BIAB Instructions – Do This For Good Beer


As you will see in the following BIAB instructions it is the simplest form of all grain brewing, the least expensive (by far) form of all grain brewing; there is far less clean up involved (always a good thing) and it makes just as good of beer or better than the other methods of  Homebrew grains and hopsbrewing out there.

In fact, I simply have never been able to figure out why anyone would bother brewing beer any other way… just does not make sense to this guy.

Alright enough of that… you get it… Brewing in a bag rocks… now lets get into showing you how to make some damn good beer.

BIAB Equipment You Will Need

I am writing this post with the understanding that you have brewed beer using beer kits before or maybe even partial mash brews…

… as such I will not be covering the basic equipment or process involved with making beer, I am assuming you know how to ferment beer, bottle it, condition it, etc… if not then I recommend you go and read the following post first then come back here. Get Started Brewing Beer

So in addition to the basic brewing equipment you will require the following:

A brew kettle capable of handling at least 15 gallons of water

A turkey fryer and propane canister. Using this method you will be brewing outside.

A Brew Bag. Make sure you get the right size bag to fit the kettle you purchase.

A mash paddle (large spoon)

Oven mitts (to squeeze the grain bag to get all the hot liquid out)

A strainer that will fit over the kettle. This is not a must have, but if you can find one that will fit across your kettle it will make draining the BIAB kettle and brew bag bag easier.

And that my friend is all you need… a drastic difference in equipment required as compared to all the other all grain methods out there.

Alternatively if you want to you can go electric and instead of picking up all the above you can simply get yourself an all-in-one electric all grain brewing system. I use both… the turkey fryer kettle method for outside brewing and the all-in-one brewing system for inside brewing. Both work great!

BIAB Recipe

You will see some supposed GooRoo’s out there telling you that you need to adjust any All Grain recipe you use to account for a lower efficiency with brew in a bag brewing… this is hog wash aka horse shit… you can get just as good of efficiency with brew in a bag as you can with any other all grain brewing method.

As such any all grain recipe you want to use will work with your brew in a bag system.

Recipes are everywhere… But I’ll recommend two places for you:

1) Greg Hughes book Home Brew Beer. It has a pile of good recipes in it. I have brewed many of them and enjoy them all.

2) Pick up an all grain beer kit from Adventures in Home Brewing. You pick the beer you want to make, the kit comes with all the ingredients and instructions/recipe. I still to this day order these type of kits as it is an easy way to brew and the recipes are top knotch.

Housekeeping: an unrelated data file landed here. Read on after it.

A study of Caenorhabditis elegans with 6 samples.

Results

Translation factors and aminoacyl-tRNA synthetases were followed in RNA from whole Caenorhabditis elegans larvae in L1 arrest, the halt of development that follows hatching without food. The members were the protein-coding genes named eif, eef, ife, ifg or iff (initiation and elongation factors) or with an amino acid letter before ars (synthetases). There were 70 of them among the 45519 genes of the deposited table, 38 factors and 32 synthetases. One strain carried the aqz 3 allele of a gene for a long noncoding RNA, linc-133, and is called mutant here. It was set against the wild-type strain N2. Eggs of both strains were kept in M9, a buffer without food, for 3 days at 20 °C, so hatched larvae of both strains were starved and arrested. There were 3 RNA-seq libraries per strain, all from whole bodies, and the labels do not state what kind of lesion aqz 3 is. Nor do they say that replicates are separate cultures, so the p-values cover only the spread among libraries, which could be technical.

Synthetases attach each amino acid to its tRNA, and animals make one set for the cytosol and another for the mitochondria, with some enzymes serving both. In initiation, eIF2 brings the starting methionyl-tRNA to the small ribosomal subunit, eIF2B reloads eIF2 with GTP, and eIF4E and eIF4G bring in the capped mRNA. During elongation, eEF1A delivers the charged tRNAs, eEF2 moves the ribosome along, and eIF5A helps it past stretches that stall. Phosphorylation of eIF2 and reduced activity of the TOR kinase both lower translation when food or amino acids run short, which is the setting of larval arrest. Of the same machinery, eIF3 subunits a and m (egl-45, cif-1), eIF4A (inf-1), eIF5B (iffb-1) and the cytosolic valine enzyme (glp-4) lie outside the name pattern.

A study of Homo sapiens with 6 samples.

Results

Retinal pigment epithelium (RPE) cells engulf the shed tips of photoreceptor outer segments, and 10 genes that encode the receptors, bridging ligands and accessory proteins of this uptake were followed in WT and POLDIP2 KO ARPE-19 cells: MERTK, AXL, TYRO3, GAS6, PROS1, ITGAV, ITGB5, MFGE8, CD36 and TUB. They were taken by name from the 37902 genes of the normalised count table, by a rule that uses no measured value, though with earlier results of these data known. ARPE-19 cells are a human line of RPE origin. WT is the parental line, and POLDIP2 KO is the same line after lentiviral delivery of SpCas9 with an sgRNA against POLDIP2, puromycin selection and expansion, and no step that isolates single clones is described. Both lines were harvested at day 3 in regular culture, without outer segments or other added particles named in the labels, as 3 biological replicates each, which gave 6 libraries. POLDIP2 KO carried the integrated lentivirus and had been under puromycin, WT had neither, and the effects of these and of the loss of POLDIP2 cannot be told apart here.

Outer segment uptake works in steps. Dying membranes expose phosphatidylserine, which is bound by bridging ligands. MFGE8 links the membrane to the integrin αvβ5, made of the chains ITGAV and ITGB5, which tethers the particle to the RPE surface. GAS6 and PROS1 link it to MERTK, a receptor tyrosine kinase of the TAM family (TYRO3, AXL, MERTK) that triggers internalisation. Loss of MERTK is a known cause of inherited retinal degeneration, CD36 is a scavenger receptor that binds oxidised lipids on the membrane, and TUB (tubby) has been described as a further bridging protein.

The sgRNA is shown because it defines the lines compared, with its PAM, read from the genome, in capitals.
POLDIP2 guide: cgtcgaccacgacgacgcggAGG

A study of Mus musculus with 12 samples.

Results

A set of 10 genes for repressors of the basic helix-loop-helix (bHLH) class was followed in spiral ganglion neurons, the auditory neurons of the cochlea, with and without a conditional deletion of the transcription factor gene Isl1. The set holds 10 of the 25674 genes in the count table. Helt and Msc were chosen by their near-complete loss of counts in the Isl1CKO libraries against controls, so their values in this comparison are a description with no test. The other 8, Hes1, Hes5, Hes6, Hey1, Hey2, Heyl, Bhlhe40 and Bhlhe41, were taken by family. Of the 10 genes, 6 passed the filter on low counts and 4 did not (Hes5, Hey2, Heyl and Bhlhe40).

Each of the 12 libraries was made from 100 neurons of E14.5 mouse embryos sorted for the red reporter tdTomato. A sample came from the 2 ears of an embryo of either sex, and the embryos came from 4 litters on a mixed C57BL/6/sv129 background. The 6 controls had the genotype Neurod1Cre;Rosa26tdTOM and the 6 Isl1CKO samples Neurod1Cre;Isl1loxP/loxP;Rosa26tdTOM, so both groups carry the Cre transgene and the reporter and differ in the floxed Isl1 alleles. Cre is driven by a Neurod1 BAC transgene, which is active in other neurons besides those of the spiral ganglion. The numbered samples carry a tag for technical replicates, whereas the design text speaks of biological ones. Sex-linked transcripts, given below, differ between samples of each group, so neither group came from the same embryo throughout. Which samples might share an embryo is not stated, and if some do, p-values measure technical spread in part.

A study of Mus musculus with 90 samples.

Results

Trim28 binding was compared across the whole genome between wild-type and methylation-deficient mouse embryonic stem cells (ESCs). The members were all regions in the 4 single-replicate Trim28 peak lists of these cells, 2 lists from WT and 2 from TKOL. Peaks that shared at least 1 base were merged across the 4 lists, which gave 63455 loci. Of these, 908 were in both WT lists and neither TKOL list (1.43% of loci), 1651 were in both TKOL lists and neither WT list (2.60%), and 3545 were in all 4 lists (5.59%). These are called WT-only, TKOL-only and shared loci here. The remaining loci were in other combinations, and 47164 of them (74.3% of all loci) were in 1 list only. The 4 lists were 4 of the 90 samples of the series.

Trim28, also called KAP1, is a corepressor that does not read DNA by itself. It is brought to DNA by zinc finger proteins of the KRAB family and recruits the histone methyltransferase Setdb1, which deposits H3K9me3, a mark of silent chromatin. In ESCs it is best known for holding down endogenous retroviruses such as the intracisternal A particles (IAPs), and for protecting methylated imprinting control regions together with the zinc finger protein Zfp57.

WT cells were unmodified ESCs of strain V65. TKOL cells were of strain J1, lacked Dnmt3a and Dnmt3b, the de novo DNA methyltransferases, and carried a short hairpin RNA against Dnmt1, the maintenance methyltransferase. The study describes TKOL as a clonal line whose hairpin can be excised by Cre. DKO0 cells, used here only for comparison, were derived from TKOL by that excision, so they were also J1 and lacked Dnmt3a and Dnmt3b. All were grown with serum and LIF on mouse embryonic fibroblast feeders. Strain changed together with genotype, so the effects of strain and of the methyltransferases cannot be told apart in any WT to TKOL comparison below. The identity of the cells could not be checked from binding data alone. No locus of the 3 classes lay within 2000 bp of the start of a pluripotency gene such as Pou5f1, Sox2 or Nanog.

BIAB Instructions

OK for the “how to” itself of BIAB brewing its easy… and its fun:

Step #1: Heat up the water in your kettle to the strike temperature called for in your recipe.

Step #2: Put the brew bag or basket into the kettle.

Step #3: Once Mash temperature is reached dough in… meaning dump the crushed grains into the bag or basket within the kettle. Stir the grains well while you are doing so to make sure none of the grains clump up. (called dough balls).

Step 4: Let the grains sit within the kettle for 60 – 90 minutes at the mash temperature (As per the recipe). BIAB Kettle with brew bag filled with mash

Step 5: Remove the grain bag from kettle… drain the liquid from the bag into the kettle. Either get a heavy-duty strainer you can place over the top of the kettle and put grain bag in it. Or hold the bag in the air over the kettle letting it drain (good for the biceps!)

Step 6: if you are a little short on your pre-boil volume, you can soak the bag of grains in a bucket of warm water to remove even more of the goodness from the grains and then dump that liquid into the kettle until the preboil volume is reached. This is called dunk sparging. Alternatively you can just top the kettle up with water to preboil level, it will not make that big of a difference in the end product.

Step 7: Boil the liquid (wort) for the amount of time indicated on recipe.

Step 8: Add hops to the boil as per the recipe.

Step 9: Chill the wort down to yeast pitching temperature.

Step 10: Pour the wort into the fermenter and pitch the yeast just like you did when making kit beer.

That is all there is to it my friend! You got this! 🙂

Let Me Know

Let me know how you make out with your biab beer. I always love hearing how other brewers find using this method. And if I can every be of help to you just reach out. Hit me up in the comments section below. I will answer.

Cheers and enjoy your BIAB beer my friend!